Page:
Am I still my father's heir?

1 answer | Last updated: Sep 14, 2017
A fellow caregiver asked...

Inheritance & property question . My father died in 2009 and my stepmother died in Dec 2010. My father had a will stating I would inherit his properties and life insurance, and my stepmother did not have a will. Now my stepmother's nieces and nephews are claiming they are the legal heirs. Who is right?

Expert Answers

Barbara Repa, a senior editor, is an attorney, a journalist specializing in aging issues, and the author of Your Rights in the Workplace (Nolo), now in its 10th edition.

To find out what property you are entitled to take, you need to look closely at the documents controlling its final disposition.

To pass along most life insurance, for example, the policyholder will usually name a beneficiary, who will get the proceeds at death rather than having the insurance processed through a will and probate. So for the insurance, you would do well to locate a copy of the policy or contact the insurer to find out whether you were designated in this way as an automatic taker. If your father named your stepmother as the primary beneficiary"”and named you as an alternate"”then the proceeds of the policy would go to her, since she survived him.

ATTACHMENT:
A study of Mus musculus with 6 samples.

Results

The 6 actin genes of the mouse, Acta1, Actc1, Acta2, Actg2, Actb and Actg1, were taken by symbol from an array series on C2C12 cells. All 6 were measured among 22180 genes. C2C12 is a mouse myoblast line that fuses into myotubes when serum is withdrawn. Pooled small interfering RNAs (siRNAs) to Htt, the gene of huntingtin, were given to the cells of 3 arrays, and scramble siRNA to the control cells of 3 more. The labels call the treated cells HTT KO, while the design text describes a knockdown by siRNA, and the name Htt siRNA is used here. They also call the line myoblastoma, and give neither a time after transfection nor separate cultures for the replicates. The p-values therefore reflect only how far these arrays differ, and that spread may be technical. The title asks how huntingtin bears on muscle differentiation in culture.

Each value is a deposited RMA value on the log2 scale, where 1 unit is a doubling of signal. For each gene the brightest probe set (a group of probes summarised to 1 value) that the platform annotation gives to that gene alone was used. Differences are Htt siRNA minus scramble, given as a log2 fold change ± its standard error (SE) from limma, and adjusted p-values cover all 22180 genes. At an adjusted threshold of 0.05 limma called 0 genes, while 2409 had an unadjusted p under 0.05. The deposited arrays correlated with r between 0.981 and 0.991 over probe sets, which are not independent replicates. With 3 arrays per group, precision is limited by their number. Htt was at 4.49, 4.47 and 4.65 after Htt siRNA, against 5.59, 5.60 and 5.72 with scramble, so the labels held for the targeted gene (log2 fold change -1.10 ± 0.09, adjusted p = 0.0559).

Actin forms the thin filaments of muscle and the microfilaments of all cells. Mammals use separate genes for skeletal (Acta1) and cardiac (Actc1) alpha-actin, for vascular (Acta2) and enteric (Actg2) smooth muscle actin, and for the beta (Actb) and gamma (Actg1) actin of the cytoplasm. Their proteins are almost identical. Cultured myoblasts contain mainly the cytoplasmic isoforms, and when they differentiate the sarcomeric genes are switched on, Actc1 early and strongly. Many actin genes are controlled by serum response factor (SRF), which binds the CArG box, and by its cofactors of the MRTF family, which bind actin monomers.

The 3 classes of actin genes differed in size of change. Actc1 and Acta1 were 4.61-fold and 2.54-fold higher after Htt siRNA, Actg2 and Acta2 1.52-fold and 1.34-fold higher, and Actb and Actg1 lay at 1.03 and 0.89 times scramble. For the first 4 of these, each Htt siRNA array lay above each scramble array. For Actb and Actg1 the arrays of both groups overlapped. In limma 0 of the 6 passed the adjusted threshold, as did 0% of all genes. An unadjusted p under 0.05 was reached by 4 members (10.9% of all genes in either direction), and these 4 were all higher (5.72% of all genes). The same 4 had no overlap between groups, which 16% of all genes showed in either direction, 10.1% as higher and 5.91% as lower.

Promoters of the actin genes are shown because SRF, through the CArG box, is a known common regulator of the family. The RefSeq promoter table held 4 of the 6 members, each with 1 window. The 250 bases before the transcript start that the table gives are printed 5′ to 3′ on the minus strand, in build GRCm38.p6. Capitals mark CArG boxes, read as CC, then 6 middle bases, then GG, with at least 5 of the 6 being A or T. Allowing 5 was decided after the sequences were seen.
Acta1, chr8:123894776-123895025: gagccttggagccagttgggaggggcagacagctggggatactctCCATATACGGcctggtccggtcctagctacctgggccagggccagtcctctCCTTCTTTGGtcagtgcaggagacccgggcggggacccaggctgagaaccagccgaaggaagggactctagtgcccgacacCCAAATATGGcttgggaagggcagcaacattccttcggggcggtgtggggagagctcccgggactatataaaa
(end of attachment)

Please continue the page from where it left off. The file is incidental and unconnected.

As for other property, such as real estate, who is entitled to own the property now depends on how the title was held while your father was alive, which can be a tad harder to parse. For example, if he held the property in joint tenancy with right of survivorship, then it passed automatically to your stepmother at his death. But if he held a clear partial or total ownership interest in the property, you are likely entitled to get it under the terms of his will.

A simple legal principle controls all this: First in time is first in right. That means the law will look at the ownership interests in the order they occur. Your father's will should have been processed and probated first.

If the executor has not yet settled the estate, you might gently ask for information on this. If you are the executor, but unsure about how to proceed, you may want to get some targeted advice from an experienced estate planning attorney to help provide some certainty and to help prevent future family squabbles.